The Missouri Department of Transportation and Virginia Department of Transportation are the most recent state agencies grappling with a spike in motor vehicle fatalities related to speed and lack of seat belt use – event though overall traffic volumes declined sharply due to COVID-19 stay-a-home orders.
[Above photo by the Virginia DOT.]
“We are alarmed by the increase in Missouri traffic fatalities, particularly since they occurred with reduced traffic due to the statewide stay at home order,” said Gov. Mike Parson (R) in a statement. “Despite traffic volumes in the state dropping by nearly 50 percent for much of the year, traffic fatalities in Missouri are up 12 percent compared to 2019.”
Missouri has already experience 402 traffic fatalities since the start of 2020; an increase of 43 more lives lost compared to the same time period in 2019, the Missouri DOT noted, with the “100 Deadliest Days of Summer” just beginning.
“We’re dealing with a different kind of public health crisis,” noted Patrick McKenna, director of the Missouri DOT. “During the pandemic, we see people wearing masks and social distancing, not only for their own protection, but for the health of others. We need a similar commitment from drivers to buckle their seatbelts, put their phones down, and slow down.”
[Editor’s note: McKenna made reducing roadway fatalities one of the key emphasis areas of his one-year term as president of the American Association of State Highway and Transportation Officials.]
Similarly, though fewer motor vehicles were on Virginia’s roads during the state’s roughly three-month COVID-19 lockdown – contributing to a 45 percent decrease in all motor vehicle crashes – the number of fatalities involving both speed and lack of seat-belt use increased by 78 percent during that time period compared to 2019.
According to preliminary data released by the Virginia Department of Motor Vehicles, from March 13 through May 21, speed-related fatalities made up about 50 percent of the state’s overall motor vehicle fatalities; higher than the 42 percent during the same time frame in 2019.
Of the 58 speed-related fatalities recorded during that roughly three-month period, 41 or 70 percent were not wearing seat belts, the agency said. Additionally, unrestrained fatalities for the calendar year through May 21 increased approximately 15.4 percent as well: 120 deaths in 2020 versus 104 in 2019.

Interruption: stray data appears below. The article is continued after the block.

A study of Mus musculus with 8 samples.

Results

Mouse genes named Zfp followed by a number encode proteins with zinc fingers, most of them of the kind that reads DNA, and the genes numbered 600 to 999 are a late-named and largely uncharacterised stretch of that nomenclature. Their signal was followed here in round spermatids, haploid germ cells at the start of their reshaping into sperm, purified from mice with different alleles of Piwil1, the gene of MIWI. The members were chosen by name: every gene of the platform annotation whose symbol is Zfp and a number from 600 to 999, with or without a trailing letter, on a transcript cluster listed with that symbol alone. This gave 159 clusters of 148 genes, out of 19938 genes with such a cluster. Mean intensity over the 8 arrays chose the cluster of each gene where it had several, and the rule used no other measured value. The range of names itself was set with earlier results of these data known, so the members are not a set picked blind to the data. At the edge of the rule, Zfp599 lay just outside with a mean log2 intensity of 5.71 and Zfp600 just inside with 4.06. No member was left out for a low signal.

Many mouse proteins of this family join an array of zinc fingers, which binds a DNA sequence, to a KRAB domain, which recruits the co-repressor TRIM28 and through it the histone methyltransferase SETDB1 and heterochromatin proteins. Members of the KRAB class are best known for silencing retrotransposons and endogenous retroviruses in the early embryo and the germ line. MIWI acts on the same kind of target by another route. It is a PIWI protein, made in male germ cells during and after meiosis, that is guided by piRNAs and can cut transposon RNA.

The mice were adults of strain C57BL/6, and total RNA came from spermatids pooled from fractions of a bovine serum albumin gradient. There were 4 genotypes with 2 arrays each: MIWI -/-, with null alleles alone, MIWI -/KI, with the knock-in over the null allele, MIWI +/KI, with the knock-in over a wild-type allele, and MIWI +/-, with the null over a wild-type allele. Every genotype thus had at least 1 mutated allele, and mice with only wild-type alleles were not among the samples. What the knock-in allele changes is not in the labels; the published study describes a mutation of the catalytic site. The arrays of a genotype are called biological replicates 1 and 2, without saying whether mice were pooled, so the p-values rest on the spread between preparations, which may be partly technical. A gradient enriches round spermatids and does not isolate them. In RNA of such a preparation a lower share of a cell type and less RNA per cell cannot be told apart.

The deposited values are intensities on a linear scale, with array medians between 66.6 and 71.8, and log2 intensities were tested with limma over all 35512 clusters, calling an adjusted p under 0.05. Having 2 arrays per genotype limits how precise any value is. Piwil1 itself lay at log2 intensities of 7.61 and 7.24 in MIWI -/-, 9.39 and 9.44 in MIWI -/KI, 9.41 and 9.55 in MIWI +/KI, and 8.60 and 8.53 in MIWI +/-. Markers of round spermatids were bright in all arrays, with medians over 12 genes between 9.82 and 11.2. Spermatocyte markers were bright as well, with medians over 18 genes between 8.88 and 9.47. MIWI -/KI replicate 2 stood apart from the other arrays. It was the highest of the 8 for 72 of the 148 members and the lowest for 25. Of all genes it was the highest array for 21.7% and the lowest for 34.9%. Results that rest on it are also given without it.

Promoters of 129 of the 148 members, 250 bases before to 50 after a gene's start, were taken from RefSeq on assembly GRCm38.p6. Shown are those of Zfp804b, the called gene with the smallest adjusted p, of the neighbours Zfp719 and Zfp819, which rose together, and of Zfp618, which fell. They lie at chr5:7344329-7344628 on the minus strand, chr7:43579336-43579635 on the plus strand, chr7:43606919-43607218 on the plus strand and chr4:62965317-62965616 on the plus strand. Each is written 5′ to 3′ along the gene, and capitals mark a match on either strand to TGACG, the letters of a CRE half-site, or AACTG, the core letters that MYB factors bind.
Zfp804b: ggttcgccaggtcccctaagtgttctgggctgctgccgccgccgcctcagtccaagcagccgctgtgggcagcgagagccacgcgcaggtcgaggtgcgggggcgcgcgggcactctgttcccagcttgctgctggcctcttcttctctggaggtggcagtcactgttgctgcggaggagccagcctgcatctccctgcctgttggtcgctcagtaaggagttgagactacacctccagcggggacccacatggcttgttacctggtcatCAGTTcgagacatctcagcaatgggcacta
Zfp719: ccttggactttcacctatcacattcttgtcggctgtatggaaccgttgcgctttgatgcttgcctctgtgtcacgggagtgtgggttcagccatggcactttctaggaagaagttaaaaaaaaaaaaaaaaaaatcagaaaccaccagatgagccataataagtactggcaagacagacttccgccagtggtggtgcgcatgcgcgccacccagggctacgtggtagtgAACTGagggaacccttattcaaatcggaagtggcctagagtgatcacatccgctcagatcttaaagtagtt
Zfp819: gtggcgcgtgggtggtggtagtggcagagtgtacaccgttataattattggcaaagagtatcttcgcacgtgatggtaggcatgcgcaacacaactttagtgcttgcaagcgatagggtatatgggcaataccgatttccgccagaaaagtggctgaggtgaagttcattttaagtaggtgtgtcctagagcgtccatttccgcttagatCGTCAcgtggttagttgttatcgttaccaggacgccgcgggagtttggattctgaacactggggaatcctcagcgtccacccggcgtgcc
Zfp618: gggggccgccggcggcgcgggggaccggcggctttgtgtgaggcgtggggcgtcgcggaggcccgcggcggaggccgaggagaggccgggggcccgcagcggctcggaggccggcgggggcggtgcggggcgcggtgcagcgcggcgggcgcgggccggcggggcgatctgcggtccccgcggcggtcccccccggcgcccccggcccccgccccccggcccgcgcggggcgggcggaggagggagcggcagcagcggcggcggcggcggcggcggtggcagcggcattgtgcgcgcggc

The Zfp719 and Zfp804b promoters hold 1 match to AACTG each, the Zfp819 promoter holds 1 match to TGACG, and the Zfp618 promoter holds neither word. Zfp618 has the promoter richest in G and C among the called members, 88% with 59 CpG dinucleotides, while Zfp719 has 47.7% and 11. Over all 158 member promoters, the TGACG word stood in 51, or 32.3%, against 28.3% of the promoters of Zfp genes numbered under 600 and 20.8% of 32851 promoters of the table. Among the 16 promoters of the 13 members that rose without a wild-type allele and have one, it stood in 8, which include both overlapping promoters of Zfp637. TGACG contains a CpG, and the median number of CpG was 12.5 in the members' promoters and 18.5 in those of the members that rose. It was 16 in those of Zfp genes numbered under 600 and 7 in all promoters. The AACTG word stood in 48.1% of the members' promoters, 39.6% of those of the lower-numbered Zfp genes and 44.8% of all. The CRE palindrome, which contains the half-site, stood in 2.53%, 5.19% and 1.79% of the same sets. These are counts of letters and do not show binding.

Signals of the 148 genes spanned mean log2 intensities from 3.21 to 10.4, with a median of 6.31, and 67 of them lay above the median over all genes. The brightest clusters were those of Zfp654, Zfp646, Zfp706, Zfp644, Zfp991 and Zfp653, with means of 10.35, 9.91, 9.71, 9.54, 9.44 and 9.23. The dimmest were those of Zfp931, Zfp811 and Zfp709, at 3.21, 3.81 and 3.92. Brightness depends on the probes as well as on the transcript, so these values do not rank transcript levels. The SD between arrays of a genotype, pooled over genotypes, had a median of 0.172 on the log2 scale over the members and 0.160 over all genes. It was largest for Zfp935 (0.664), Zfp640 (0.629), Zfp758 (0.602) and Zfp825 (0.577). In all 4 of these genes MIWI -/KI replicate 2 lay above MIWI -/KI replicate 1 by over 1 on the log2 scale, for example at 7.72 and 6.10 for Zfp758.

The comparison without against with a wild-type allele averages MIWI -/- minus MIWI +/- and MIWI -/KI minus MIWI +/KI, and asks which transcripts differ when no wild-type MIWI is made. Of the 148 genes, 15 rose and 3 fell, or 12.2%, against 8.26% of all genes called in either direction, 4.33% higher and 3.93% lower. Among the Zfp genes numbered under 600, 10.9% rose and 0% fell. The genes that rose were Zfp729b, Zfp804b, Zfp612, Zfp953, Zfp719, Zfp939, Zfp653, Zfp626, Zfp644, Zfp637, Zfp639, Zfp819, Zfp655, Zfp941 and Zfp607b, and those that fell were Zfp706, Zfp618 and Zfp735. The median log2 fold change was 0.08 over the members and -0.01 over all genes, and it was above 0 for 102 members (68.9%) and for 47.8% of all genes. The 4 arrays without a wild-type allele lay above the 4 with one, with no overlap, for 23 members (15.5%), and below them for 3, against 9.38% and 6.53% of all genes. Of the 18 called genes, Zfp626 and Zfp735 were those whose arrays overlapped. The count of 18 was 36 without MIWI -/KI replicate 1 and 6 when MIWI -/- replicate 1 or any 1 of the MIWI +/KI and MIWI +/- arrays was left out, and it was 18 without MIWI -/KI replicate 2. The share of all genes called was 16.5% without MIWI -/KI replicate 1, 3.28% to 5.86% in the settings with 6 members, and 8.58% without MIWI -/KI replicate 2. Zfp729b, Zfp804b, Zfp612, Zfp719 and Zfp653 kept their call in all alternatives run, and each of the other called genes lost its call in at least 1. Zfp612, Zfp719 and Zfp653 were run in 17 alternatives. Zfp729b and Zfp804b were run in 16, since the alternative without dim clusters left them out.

Those numbers dovetail with recent analysis by the Governors Highway Safety Association, which highlighted a severe spike in speeding and other reckless driving behavior across the country in the midst of the COVID-19 pandemic.
“We are urging all motorists to drive the posted speed limit and wear seat belts,” noted Shannon Valentine, Virginia’s secretary of transportation, in a statement.
Other state departments of transportation have helped initiate efforts over the last several months to battling similar scenarios on their roadways.
For example, the California Department of Transportation began working with the California Highway Patrol and the California Office of Traffic Safety in April to find ways to get motorists to slow down given a recent 87 percent spike in citations for speeding in excess of 100 mph.
The Nebraska Department of Transportation and the Nebraska State Patrol joined forces in April to combat the same problem as state troopers issued 100 citations statewide for speeding in excess of 100 mph between March 18 and mid-April compared to 61 citations during the same period in 2019.